Ohio Takes a Swing at CBD in Medical Cannabis Market

Written by Orion Inskip, Attorney at Gleam Law that specializes in CBD.

Yet another state takes a hardline stance against CBD sold outside the regulated medical cannabis market. With the Ohio Pharmacy Board’s recent “Clarification on Cannabidiol (CBD) Oil”, Ohio has joined states like California and Michigan in ignoring federal law.  In their “Clarification,” the Board states that under Ohio law CBD is a derivative of marijuana, regardless of the source.

However, section 7606 of the 2014 Farm Act removed industrial hemp from the definition of Marihuana (Marijuana) in the Federal Controlled Substances Act (“CSA”). Congress explicitly states that the new Act overrides the CSA by saying “Notwithstanding the Controlled Substances Act (21 U.S.C. 801 et seq.), chapter 81 of title 41, or any other Federal law.” Congress then goes on to define industrial hemp as “the plant Cannabis sativa L. and any part of such plant, whether growing or not, with a delta-9 tetrahydrocannabinol concentration of not more than 0.3 percent on a dry weight basis.”

Not only did the Farm Act remove Hemp from the CSA, Congress enacted a provision in the continuing appropriations act that prohibits the use of federal funds to interfere with the state industrial hemp pilot programs.

If you are confused, you’re not alone. This is just one example of many glaring and untenable issues in the way Federal and state governments handle hemp and marijuana.

How Limiting CBD Access Jeopardizes a State’s Federal Funding

Many states, including Ohio, have recently passed medical and adult use marijuana laws in defiance of federal law. It may seem counterintuitive that the state is now blatantly defying Congressional intent to undermine access to CBD from hemp. This is most likely the result of pressure from the regulated businesses trying to reduce competition from the unregulated market as opposed to the medical cannabis market. If this is the reason, the state is putting protectionist policies ahead of access to federal funds likely because their legislature does not fully understand that by doing so they are putting all federal funds to their state in jeopardy.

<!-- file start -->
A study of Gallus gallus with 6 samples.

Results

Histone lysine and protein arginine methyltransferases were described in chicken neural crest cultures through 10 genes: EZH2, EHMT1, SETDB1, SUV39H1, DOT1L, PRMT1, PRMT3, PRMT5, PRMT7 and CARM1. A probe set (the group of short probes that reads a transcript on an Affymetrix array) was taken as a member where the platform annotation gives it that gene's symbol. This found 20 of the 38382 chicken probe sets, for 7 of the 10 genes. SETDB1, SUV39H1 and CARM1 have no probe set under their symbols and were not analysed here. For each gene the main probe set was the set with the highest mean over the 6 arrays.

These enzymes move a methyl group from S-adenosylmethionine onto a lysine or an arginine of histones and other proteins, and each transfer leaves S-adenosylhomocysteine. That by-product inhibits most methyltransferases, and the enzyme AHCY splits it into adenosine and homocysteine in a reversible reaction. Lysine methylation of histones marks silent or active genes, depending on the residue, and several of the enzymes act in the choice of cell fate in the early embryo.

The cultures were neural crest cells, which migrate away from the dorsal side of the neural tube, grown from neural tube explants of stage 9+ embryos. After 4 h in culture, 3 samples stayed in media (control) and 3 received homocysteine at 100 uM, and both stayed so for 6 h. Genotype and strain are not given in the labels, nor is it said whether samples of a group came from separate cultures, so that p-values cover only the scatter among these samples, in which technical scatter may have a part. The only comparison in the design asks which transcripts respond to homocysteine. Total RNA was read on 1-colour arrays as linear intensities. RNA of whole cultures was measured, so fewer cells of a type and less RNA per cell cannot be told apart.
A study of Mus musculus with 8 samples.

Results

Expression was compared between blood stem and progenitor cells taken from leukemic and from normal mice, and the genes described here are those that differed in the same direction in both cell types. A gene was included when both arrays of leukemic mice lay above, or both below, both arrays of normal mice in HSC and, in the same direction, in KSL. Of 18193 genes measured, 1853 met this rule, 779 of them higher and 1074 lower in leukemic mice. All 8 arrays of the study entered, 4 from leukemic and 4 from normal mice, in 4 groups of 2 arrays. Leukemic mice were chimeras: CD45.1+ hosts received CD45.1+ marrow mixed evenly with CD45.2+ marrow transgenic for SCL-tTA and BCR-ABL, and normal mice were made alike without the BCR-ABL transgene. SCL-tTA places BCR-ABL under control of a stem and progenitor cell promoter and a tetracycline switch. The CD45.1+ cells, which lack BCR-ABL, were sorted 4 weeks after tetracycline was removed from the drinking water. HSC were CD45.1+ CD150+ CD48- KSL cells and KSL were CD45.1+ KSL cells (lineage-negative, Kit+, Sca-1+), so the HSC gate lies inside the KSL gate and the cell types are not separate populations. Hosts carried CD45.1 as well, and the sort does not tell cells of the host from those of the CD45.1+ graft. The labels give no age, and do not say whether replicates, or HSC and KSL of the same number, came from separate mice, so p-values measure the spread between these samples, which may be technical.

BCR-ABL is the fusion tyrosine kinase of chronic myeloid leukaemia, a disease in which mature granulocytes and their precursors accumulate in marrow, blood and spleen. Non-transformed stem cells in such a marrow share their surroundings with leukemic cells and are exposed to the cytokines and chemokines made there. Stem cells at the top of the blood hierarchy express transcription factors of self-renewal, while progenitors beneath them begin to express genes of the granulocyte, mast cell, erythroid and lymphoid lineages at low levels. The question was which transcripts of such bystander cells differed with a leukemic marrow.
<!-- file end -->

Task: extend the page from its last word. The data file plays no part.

Section 8. Clause 1. Of the U.S. Constitution gives Congress the power to tax and spend. Over 80 years of Supreme Court decisions uphold that Congress has the power to approve or deny appropriations based solely on what Congress deems to be within the “general Welfare of the United States.”  Although this is a subject of great debate, the Power of the Purse has the effect of law and even carries criminal penalties under the Anti-Deficiency Act. The current tone from Congress seems to support the state regulated markets and hemp even more.

If this tone should change, Congress could just as easily use the power of the purse to pressure states to shut down those markets. In a divided Congress, we are likely to see the use of funds to implement policies where the lawmakers can’t achieve those goals through actual legislation. This is a dangerous way to implement policies because there is no long-term certainty for the industry members to plan future business and obtain investment.